Ballistic air guns and mock moon rocks aid in search for durable space fabrics

Ballistic air guns and mock moon rocks aid in search for durable space fabrics

The surface of the Moon is a harsh environment with no air, low gravity, dust, and micrometeorites-tiny rocks or metal particles-flying faster than 22,000 mph. These conditions can pose a hazard to astronauts, their dwellings, and spacecraft.

Engineers at NASA Glenn Research Center’s Ballistic Impact Lab are working to help the agency select materials for future Artemis missions and predict how they will perform while on the lunar surface.

The innovative lab, which features a 40-foot-long air gun capable of firing at velocities of 3,000 feet per second, has become a go-to destination for NASA as it examines situations ranging from the effects of bird collisions with aircraft to ballistic impacts on spacecraft.

Now, the team has been called to test several different textiles that will protect humans during Artemis missions to the Moon and beyond.

“If the object is pressurized, a leak can be catastrophic depending on how big and fast the leak is,” said Mike Pereira, the Ballistic Impact Lab’s technical lead. “Running this type of ballistic impact test is essential to a variety of NASA aeronautics and space exploration missions to ensure equipment and materials reliability.”

In the first series of tests, the team evaluated materials NASA is considering for habitats, which are designed to be relatively soft and flexible, but very stiff if struck.

To assess the potential fabrics and gauge how many layers would be needed to stop micrometeorite penetration, engineers used the facility’s air gun to fire steel ball bearings at various fabrics. The team connected the air gun to a vacuum chamber to remove air resistance, allowing it to shoot faster, while a suite of sensors and high-speed cameras measured how each material absorbed or deflected energy.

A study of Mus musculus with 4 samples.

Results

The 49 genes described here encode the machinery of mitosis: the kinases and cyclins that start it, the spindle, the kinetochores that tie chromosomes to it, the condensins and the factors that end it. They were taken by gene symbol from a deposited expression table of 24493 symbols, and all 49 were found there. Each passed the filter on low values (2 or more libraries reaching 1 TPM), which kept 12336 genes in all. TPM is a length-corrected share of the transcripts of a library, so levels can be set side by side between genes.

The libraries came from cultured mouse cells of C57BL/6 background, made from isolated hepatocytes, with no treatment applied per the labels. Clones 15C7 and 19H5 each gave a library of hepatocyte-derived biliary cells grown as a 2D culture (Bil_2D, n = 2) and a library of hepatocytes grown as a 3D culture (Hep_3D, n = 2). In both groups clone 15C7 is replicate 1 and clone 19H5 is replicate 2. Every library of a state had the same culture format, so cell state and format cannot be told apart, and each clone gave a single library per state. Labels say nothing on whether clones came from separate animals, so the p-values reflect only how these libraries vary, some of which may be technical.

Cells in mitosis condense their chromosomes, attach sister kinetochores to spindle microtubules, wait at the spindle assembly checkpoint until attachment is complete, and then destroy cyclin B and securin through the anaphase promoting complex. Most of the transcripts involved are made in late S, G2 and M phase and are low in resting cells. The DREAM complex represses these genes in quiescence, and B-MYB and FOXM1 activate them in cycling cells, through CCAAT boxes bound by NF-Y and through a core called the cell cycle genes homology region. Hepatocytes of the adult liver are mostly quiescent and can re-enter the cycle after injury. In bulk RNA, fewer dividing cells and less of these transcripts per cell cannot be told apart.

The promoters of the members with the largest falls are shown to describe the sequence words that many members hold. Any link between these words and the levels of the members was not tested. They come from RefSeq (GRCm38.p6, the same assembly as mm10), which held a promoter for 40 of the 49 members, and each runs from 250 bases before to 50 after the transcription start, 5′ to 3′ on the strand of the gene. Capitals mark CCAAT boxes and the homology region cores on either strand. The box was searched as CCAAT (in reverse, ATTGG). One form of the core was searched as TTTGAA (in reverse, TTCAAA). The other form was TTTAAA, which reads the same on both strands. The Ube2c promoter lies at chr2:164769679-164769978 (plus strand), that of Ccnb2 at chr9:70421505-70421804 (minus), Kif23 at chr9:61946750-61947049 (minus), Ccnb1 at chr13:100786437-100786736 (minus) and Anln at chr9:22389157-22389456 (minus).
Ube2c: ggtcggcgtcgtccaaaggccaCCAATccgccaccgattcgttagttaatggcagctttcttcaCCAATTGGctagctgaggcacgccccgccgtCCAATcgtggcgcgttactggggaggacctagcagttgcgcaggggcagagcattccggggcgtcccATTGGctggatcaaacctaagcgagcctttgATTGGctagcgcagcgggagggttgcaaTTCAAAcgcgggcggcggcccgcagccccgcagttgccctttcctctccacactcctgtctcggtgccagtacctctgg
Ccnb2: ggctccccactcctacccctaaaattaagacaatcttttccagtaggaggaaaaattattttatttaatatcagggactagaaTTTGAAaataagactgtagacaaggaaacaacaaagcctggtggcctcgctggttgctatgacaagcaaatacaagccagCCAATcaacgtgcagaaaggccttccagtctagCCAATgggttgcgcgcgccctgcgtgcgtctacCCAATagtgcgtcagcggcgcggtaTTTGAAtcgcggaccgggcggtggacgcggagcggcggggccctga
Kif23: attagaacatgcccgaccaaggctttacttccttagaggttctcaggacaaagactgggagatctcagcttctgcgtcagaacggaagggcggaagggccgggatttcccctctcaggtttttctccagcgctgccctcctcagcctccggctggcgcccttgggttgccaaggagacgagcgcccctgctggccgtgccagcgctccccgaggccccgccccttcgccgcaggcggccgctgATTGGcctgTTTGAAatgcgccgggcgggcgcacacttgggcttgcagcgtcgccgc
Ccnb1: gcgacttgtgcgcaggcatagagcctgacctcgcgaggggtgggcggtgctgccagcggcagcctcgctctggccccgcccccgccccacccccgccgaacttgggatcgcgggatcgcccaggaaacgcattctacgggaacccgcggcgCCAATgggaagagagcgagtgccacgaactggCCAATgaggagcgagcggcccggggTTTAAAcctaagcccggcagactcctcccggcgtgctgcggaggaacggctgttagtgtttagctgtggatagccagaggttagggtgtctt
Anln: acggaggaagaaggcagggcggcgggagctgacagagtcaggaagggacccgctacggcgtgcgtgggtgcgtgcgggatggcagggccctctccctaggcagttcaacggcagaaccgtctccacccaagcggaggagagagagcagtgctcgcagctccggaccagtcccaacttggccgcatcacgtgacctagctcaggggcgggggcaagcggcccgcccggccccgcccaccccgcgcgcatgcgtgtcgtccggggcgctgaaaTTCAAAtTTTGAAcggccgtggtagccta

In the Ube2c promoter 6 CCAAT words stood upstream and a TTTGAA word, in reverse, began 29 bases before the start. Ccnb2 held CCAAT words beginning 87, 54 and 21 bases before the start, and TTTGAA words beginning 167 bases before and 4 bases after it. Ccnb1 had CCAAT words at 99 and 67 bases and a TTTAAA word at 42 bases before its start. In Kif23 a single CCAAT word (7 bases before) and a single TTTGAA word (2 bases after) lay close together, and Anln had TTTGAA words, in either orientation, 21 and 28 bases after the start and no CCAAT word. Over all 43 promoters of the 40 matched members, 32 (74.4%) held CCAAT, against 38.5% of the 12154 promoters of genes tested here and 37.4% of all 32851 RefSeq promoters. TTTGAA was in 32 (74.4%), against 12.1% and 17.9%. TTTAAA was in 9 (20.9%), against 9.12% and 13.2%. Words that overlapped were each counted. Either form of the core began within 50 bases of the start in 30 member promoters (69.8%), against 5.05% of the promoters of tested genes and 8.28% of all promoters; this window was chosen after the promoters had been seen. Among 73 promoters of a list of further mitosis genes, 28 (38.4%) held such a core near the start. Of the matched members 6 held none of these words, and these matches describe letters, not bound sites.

The resulting impacts take each fabric to the brink of failure to better understand the upper limits of durability and to ensure each can handle the harsh, punishing environment of space exploration.

Other materials tested included spacesuits that could be used for extravehicular activities on the lunar surface and in orbit. Understanding how materials respond to impacts is important for astronaut safety, according to Pereira.

The composite materials were a combination of substances that include fibers for strength and bonding resins to allow transfer of stress and energy. To evaluate these potential materials, engineers used the lab’s vertical-impact-drop tester to hurl mock simulated Moon rocks made of basalt onto potential spacesuit materials.

Engineers at NASA’s Johnson Space Center are analyzing the ballistics testing data to determine which materials will be best for a variety of lunar exploration items.

The next challenge for the Glenn team is testing materials that could capture space debris. New types of aerogels that are lighter and stronger might be the key to developing and deploying in-space devices given ease of use and reduced mass for launch.